NEW YORK — Theodore Kahn, a furrier whose career extended well beyond Seventh Avenue, died June 5. He was 87.

He was en route to his 65th college reunion at Harvard University when he died from cardiac arrest, according to his son Daniel.

Kahn ventured in and out of his father’s business, Ben Kahn Furs, over the years. In 1940, after graduating from Harvard, where his time out of class was spent boxing for the school’s team and playing intramural football with classmate and housemate John F. Kennedy, Kahn tried his hand in the fur district. A few years later, he was drafted and served in the U.S. Army. Once discharged in 1944, Kahn headed to the University of Pennsylvania to earn a dentistry degree.

In the late Forties, he opened his own dental practice, but after two years, decided to return to work with his father. During his second go-round at Ben Kahn Furs, which lasted for decades, he specialized in buying skins and selling coats. He was one of the first furriers to buy into the pink mink trend in the Sixties, his daughter Debra Kahn said.

Her father used his Crimson connection with Kennedy to arrange for Ben Kahn Furs to make a leopard coat for then-first lady Jackie. Her husband was partial to dark mink, which he felt represented American industry, Debra Kahn said. But she insisted on leopard, and Kahn agreed.

Kahn gave her a discount since the first lady had traded in a heavy leopard coat that was a gift from Ethiopia’s Emperor Haile Selassie, said Debra Kahn.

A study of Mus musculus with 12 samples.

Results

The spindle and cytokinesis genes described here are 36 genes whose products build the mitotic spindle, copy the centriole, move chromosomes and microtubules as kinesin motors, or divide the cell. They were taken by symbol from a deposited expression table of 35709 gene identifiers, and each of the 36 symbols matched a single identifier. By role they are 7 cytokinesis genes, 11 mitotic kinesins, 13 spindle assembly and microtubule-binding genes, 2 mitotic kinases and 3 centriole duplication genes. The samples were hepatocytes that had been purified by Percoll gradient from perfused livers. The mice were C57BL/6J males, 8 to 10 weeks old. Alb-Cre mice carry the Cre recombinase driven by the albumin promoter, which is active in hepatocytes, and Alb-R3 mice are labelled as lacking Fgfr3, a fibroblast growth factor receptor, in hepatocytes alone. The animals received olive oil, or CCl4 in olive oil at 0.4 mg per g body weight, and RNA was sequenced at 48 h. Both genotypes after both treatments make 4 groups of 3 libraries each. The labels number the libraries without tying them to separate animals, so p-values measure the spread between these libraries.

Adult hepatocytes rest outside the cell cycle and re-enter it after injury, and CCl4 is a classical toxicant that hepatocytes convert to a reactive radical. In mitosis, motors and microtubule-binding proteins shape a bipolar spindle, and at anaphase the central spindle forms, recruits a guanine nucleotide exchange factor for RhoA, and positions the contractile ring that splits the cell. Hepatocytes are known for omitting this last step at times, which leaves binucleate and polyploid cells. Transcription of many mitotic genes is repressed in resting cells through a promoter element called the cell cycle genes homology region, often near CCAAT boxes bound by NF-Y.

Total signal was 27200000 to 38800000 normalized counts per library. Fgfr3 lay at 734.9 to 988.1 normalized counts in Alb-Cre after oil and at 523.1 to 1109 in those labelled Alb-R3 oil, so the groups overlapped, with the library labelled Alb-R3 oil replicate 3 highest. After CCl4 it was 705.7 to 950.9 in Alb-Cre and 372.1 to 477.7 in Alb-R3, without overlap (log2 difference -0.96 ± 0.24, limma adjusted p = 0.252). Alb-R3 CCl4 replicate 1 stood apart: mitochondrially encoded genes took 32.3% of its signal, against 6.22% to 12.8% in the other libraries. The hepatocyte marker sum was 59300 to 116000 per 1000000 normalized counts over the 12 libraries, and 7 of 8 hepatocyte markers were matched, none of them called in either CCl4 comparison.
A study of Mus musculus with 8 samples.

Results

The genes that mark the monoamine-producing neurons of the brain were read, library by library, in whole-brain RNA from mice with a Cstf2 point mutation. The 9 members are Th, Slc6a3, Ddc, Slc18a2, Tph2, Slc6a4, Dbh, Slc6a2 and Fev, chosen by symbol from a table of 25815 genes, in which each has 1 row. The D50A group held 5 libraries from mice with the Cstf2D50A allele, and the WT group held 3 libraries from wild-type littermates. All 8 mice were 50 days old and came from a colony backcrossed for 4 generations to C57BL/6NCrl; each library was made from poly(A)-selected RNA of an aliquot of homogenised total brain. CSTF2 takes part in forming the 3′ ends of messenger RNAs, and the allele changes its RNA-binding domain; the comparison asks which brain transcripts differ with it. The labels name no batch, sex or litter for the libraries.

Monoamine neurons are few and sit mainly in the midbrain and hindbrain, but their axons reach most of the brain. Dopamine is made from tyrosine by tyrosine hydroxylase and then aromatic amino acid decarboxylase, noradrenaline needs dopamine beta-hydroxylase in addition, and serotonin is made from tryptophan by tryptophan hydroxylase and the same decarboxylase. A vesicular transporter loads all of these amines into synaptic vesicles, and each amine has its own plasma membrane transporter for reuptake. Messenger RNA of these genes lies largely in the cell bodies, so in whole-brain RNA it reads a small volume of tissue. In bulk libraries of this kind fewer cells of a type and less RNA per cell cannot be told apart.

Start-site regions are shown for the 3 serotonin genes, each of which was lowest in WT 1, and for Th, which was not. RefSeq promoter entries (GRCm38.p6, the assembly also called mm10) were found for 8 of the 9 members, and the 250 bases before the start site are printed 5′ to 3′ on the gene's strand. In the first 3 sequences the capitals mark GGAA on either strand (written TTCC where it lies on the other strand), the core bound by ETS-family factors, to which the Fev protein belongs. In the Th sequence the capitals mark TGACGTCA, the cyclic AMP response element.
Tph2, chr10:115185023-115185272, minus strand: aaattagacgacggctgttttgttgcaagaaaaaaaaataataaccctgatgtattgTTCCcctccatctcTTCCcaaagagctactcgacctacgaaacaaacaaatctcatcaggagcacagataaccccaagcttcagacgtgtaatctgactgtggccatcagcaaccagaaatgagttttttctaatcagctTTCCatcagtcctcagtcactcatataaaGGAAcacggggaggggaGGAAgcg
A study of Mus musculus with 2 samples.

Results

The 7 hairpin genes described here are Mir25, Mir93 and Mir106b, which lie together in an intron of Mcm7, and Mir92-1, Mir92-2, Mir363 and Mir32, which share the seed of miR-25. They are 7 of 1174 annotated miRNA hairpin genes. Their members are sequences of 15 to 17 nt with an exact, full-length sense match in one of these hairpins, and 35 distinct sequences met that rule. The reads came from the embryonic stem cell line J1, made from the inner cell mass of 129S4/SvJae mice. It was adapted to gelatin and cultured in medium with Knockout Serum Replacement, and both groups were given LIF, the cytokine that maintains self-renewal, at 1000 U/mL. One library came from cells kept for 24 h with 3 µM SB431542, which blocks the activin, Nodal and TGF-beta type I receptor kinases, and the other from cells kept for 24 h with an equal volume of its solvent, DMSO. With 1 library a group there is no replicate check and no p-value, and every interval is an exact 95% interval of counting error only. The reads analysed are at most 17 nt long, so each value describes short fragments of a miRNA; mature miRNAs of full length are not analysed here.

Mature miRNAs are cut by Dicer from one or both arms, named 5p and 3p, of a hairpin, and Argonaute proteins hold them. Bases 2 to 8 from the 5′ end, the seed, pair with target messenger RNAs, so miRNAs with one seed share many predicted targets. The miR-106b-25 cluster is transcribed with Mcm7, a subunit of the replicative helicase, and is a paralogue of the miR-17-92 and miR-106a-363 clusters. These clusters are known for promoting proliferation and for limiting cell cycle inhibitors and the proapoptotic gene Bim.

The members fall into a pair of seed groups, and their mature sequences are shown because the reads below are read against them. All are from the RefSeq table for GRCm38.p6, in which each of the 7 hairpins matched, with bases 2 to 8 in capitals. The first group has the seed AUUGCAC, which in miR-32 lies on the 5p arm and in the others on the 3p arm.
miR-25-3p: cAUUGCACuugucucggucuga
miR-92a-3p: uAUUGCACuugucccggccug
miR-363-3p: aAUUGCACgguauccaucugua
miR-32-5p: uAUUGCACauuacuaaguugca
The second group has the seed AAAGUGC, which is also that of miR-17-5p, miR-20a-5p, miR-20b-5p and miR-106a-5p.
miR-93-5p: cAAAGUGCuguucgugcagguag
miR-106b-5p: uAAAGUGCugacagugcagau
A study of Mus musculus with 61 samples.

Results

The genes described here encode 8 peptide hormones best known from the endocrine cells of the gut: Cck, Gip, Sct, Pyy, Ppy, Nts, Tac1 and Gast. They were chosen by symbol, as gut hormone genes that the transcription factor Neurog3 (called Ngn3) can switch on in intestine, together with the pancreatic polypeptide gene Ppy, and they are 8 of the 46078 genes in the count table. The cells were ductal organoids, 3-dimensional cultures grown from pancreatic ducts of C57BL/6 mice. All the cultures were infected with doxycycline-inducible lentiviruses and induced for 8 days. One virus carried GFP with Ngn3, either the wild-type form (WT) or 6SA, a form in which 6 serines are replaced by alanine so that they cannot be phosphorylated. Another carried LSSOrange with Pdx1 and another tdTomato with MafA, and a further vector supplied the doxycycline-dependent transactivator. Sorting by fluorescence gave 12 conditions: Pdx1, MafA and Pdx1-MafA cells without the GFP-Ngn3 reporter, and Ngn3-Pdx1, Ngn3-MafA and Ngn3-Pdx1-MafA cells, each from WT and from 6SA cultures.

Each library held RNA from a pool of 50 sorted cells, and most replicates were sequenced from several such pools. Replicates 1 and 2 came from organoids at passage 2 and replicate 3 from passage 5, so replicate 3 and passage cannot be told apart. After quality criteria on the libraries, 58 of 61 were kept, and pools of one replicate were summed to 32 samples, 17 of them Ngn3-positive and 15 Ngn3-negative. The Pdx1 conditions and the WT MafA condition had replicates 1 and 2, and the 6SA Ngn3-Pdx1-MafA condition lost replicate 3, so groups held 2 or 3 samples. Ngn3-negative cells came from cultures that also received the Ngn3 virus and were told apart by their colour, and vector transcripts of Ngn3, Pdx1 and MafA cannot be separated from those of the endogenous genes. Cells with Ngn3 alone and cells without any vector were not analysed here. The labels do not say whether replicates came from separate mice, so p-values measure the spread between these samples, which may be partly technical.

Her cousin Eddie Graf said, “I still have the beautiful handwritten thank you note she sent to Ted and his father … ‘Dear Monsieurs Kahn … ‘”

A month before the president was assassinated in 1963, he called Kahn to ask him to make a chinchilla blanket that was to be given to the first lady as a Christmas present, Debra Kahn said. The furrier took the opportunity to apologize to the president for pushing the leopard choice. But Kennedy told him, “No, you were right. It made a tremendous hit.”

This story first appeared in the June 17, 2005 issue of WWD. Subscribe Today.

In 1969 after Ben Kahn Furs was sold to Kenton Corp., Kahn stayed on for a few years. But Kahn, who was described as a “a frustrated English teacher” on more than one occasion, exited the company as vice president in 1972 and enrolled at C.W. Post to get his Master’s degree in English. He taught English briefly and then returned to the fur business through a partnership with Jerry Sorbara, a former Ben Kahn designer who ran his own business.

Debra Kahn said, “His real passion was always poetry and philosophy. My father always loved being a student.”

At last week’s service for Kahn in Boca Raton, Fla., a former Ben Kahn employee told Graf how Kahn recited Yeats to workers in the back of the factory during their lunch breaks.

Kahn is survived by his daughter and son.